Dishes from three Mediterranean cuisines opens in south Charlotte

What is authentic cuisine?

For food to garner the authentic "moniker," should all the ingredients be imported (since locally grown produce -- even the same product -- may vary in taste and complexity)? Should fish be served with heads on or should fish noggins be discretely lopped off for the squeamish? Should a chef be a native and trained in that region for a restaurant's dishes to be authentic or do diners reading La Gazzetta dello Sport, a popular Milanese sports paper, imbue authenticity? Or should we just sit back and enjoy whatever tastes good?

Taste and the dining experience are what make a restaurant. But if you are looking for "authentic" dishes, an airfare may factor into the equation -- although that's not always the case.

Recently Tria Terra, Restaurant, Tapas, & Bar: Authentic Cuisine from Italy, Spain and France opened in south Charlotte. The co-owners, and brothers-in-law, Patricio Campoverde and Esteban Vintimilla, are both native Ecuadorians. Although they have only been in Charlotte one year and their restaurant opened in early spring, many Charlotteans are already familiar with their food.

Campoverde was a chef at his brother's restaurant, Fiamma in Dilworth, when it opened last year. Before that, he had worked in Italian restaurants in New York for 17 years and owned La Porqueta, an Italian eatery in Brooklyn. Campoverde has a second brother who currently owns La Paella, a Spanish restaurant in Manhattan. Partner Vintimilla worked for 16 years in New York, managing such upscale restaurants as Coco Pazza, a renowned Tuscan restaurant that once had plans to open a store in Charlotte.

Campoverde and Vintimilla came to Charlotte for the opportunity. "New York is tough -- there's a lot of restaurant competition in Manhattan," Vintimilla says. The partners wanted to open this concept in New York, but expense made them look South. Charlotte seemed ripe for their three-land concept, which as Vintimilla noted only lacks "Greek and Lebanese" to be truly Mediterranean.

What is common among Mediterranean cuisines are the fresh and uncomplicated appetizers. This is especially true of Spanish tapas, which are becoming synonymous with appetizers. Spanish ingredients such as smoky hot or sweet pimentón (paprika), fired roasted piquillo peppers and cured chorizo (not the spicier, softer Mexican variety) have those easy-to-love flavors that have added to the rising popularity of Spanish cuisine nationally. Add to this the fun of ordering a number of small plate dishes to taste and you have the quintessential cuisine du jour.

Tria Terra plays on this popularity by having the tapas selection dominate the starter menu, offering the usual roundup of tapas dishes -- patatas bravas, stuffed peppers with goat cheese, sautéed chorizo, and shrimp wrapped in bacon -- and also yields many other delights. Nothing quite screams summer and dining al fresco than boquerones, marinated filets of Spanish anchovies. Anchovies have that love-them-or-hate-them appeal. Most anchovies found in the United States are salt-preserved, tinned in oil and wind up in Caesar salads, stuffed into olives or dotted on pizzas. Fresh anchovies, on the other hand, are the kind enjoyed in Mediterranean cultures. Boquerones, or white anchovies, still have that silver flash of a sea boil being netted and the ones served at Tria were scrumptious.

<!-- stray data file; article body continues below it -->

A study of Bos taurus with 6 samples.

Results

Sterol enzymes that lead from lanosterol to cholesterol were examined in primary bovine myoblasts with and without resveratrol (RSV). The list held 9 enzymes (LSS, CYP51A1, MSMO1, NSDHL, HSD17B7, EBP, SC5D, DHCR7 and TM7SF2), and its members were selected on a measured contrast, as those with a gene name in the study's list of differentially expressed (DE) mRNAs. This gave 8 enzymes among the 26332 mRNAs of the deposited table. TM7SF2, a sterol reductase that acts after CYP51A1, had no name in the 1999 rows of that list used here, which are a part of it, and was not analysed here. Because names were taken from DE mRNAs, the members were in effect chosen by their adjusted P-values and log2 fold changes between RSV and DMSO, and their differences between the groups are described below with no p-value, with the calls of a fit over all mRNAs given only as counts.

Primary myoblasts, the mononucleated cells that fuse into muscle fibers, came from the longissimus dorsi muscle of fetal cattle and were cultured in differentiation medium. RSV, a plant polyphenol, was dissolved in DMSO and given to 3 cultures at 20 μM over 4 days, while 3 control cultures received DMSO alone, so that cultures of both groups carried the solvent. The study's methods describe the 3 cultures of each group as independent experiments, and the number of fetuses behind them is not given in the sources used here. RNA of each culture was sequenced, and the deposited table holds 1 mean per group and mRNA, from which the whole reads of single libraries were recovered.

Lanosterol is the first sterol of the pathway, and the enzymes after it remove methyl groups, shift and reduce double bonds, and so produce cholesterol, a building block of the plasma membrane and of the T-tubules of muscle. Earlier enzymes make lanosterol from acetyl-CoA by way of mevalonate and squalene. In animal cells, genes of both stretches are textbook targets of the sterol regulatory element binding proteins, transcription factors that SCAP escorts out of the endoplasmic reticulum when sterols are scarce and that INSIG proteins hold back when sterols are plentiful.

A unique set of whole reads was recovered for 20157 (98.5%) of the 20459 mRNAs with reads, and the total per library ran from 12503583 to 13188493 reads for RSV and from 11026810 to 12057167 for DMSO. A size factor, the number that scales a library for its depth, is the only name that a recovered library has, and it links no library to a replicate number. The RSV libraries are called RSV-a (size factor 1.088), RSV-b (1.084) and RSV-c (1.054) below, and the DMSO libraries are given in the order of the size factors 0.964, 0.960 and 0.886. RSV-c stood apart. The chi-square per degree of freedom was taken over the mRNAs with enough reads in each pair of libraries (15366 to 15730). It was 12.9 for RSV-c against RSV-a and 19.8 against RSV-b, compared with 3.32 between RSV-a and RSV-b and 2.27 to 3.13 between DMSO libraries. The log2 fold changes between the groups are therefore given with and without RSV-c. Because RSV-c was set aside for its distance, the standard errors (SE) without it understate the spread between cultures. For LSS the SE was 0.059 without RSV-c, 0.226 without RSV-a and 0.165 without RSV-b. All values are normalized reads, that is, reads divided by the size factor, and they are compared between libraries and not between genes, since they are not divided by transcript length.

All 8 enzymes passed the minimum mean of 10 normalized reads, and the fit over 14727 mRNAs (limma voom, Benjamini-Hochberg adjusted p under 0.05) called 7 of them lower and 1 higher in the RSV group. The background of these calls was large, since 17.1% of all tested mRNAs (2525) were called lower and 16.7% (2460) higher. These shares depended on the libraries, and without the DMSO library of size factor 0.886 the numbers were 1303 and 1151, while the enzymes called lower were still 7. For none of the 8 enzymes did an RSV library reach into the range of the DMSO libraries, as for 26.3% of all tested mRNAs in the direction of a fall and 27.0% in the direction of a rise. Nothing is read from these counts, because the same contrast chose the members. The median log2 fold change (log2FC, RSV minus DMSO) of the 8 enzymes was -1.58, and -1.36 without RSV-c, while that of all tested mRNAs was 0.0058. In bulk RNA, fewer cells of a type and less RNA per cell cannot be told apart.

Less appealing were the fried cod and potato croquettes and the fried breaded asparagus encircled with smoked salmon. Sure everyone fries, but I prefer the straightforward taste of the garlicky piquillo peppers and the tortilla Española, a Spanish comfort food of potatoes and eggs. This dish, however, reduced my friend of French descent to contemplative silence which ended with the pronouncement, "I don't like this."

Tria's salads were brilliantly cast: alternating slices of red and golden beets with haricot vert, asparagus, and goat cheese; arugula with gorgonzola, caramelized walnuts and Bosc pears; and arugula with toasted sunflower seeds and a blood orange vinaigrette.

Entrees range from the French steak au poivre to the Italian black linguini with shrimp, clams, calamari, crab and mussels in a tomato sauce. But the show stoppers are the paellas: a la Basque, Catalana and Marinera. These are offered with a two person minimum. It's evident in Campoverde's Basque paella, creatively accessorized with rings of calamari, bits of imported chorizo, sausage and langostino, slices of chicken and flecked with tiny shrimp, clams and mussels, his love for the Spanish component of the menu.

Vintimilla said 90 percent of the Spanish ingredients are imported from Spain, while all items are house made: breads and pastas to desserts. The latter includes a sensational summery creation of panna cotta, and a richly rewarding crema Catalana.

The interior of Tria Terra tries hard to be rustic European, and is quaint, although dark. The soundtrack needs a revisit, though. When was the last time you heard ABBA and Celine Dion during the same course?

Tria Terra is exactly the kind of restaurant most neighborhoods should want: a small mom-and--pop (or brother-and-brother in this case) operation where the owners are present, prices are affordable (entrees range from $12.50 to $18.50), the food is consistently well-executed, the service is professional, and the atmosphere is low-key. Perhaps not all dishes ring true, but it more than compensates by being marvelously delicious.

Have a restaurant tip, compliment, complaint? Do you know of a restaurant that has opened, closed, or should be reviewed? Does your restaurant or shop have news, menu changes, new additions to staff or building, upcoming cuisine or wine events? Note: We need events at least 12 days in advance. Fax information to Eaters' Digest: 704-944-3605, or leave voice mail: 704-522-8334, ext. 136.